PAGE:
Friday, January 11, 2013

Colorado, Pikes Peak - America The Beautiful


I leave my hotel on the outskirts of Denver just past 4am for a drive south towards Colorado Springs. My trusted GPS tells me it will take a little over two hours to reach my destination which should work out perfect. I am looking forward to catching a sunrise in the high country of Colorado.

It is an easy and fast drive along Interstate 25 southbound where I discover what initially seems for me an odd geological twist. As I am driving south my elevation is increasing. I have just left the “Mile High City” now I am at the “1.14299 Mile High City”, Colorado Springs.


DEN 050I arrive at the gateway to my destination about 6:30am and discover a little disappointment. The toll road to Pikes Peak does not open until 9am.

Unfortunately, the sun will long be risen by then. A trip to McDonald's and I enjoy the sunrise from a different perspective.





A few minutes before 9am and I am about four cars deep in line at the now open toll booth. A US$10 person entrance fee and I am on my way for a 19 mile drive to about 14,000 feet.





DEN 053As I continue my climb I make a few stops a long the way to take in magnificent and awesome views as far as the eye can see.

My only limits are the cold and roaring winds that make my stops too brief.








From above the fruited plain I am taking in a view of the border of the state of New Mexico, one hundred and twenty miles away.

I imagine it was a day like this when Katherine Lee Bates got her inspiration to write “America The Beautiful”.




Although you can visit Pikes Peak on a one way Cog Train ( for about US$27 per person, I think coming here by car or even hiking is a much better way to do it. Driving or hiking will allow you to take in and appreciate even more the purple mountain majesties above the fruited plain.

Just one part of America that makes it beautiful from sea to shining sea.




Thursday, January 10, 2013

Colorado, Lariat Loop



DEN 021Leaving Golden, Colorado I exit on 19th street and then join Lookout Mountain Road which is a part of Lariat Loop. It is not long before I make a stop and I am looking down on the town I just left behind.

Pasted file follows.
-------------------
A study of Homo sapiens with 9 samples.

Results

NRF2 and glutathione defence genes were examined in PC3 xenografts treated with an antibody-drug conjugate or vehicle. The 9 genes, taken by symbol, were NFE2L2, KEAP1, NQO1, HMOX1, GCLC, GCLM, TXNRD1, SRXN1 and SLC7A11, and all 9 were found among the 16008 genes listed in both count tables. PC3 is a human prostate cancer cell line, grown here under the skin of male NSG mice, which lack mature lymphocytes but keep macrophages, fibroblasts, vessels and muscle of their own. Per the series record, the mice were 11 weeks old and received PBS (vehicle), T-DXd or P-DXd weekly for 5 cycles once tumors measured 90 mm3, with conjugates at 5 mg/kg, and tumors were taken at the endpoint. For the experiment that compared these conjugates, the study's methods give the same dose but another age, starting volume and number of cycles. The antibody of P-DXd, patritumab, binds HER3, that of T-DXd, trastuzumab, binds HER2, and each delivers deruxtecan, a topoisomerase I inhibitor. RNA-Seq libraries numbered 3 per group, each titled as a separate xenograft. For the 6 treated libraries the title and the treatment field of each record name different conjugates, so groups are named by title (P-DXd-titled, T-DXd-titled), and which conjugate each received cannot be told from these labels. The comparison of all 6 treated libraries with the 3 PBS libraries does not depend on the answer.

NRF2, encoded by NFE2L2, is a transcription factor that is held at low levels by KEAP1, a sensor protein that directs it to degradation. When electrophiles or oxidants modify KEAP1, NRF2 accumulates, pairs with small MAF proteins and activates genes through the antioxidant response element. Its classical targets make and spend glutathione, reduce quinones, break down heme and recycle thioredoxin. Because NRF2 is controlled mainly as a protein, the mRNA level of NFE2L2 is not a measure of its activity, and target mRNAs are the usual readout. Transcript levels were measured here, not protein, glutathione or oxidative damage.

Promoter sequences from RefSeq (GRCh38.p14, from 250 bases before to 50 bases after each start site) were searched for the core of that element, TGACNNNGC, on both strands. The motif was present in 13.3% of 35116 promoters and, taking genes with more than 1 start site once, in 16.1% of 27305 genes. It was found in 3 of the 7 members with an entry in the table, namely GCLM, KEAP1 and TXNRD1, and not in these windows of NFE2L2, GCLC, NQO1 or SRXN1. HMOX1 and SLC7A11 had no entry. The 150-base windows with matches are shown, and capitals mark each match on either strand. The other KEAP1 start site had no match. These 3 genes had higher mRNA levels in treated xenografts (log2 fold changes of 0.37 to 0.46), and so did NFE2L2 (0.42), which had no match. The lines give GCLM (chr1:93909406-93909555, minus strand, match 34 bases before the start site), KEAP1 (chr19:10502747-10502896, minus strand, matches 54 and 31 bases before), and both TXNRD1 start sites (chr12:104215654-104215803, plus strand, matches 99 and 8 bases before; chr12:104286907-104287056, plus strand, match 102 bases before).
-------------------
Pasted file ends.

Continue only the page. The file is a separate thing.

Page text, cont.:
DEN 022Water Craves Canyon



With a little Mick Jagger and The Rolling Stones in the background, I get back in my car and continue my winding climb up Look Mountain Road to my next stop, a scenic viewpoint of Water Craves Canyon. Carved by glaciers many moons ago, once again the work of mother nature is awesome and captivating.

From the summit of Lookout Mountain if I knew what I was looking for I am sure I would agree with one famous American from “The Wild West'” who once shared the same view I am now fortunate to be taking in.


DEN 023William F. Cody once said that on a clear day you could see four states from here.

A few minutes of enjoying the view on a clear cool afternoon and I take a short walk across a parking lot.







DEN 024In some way I am going to pay my respect to “Buffalo Bill” born William F. Cody, an Indian Scout and Fighter, Colonel in The American Army who is buried here.








Monday, January 7, 2013

Colorado, Coors Brewery Tour



SAM_0410Less than an hour drive from Denver International Airport is the former capital of Colorado and the home of a “Rocky Mountain Legend”. I arrive in Golden, Colorado after a long time on a dusty trail with a thirst and one purpose.

Although Golden is known as the town where “The West Lives”, I am here for some of its “Pure Rocky Mountain Spring Water”.




Just a few blocks from the main street, I wait with others on a bus that will take us to the Coors Brewery. A short drive through town with some of its highlights pointed out, we arrive at the Coors Brewery Tour entrance. Here photos are taken and age verification is completed.



SAM_0409Coors Brewery Complex



A quick process where those over twenty one are given an identification bracelet along with an audio device that can be used for a self guided tour of the brewery.

The tour begins with exhibits of Coors history including its part of everyday American life and how it was distributed primarily in the West.

“You know truckin' Coors beer east of Texas is bootleggin”. “This here's Georgia, son”.

If the above quotes does not refresh your memory then remind me to slap your momma when I get home.


SAM_0394From the history of Coors it is onto how beer is made then a small sample of original Coors Banquet is offered.

It is interesting all the various beers that are made by Coors including one of my favorites Blue Moon. Here is the largest brewery in the world and the average beer takes about 55-60 days to go from here to your lips.




Fortunately, I don't have to wait 55 days as I am only steps away from a lounge area where I can get three full servings of the various Coors products. First its Batch 19, a prohibition era brew which I enjoy with a few others on the tour. Interestingly one member of our group is a musician from Nashville who gives us some cool insights into playing with some of Country and Western most popular entertainers.



SAM_0403Not in a rush to leave next its Colorado Native then my favorite Blue Moon. By far, this was the best brewery tour I have ever been on and definitely worth the drive if you have time to spare while visiting the Denver area.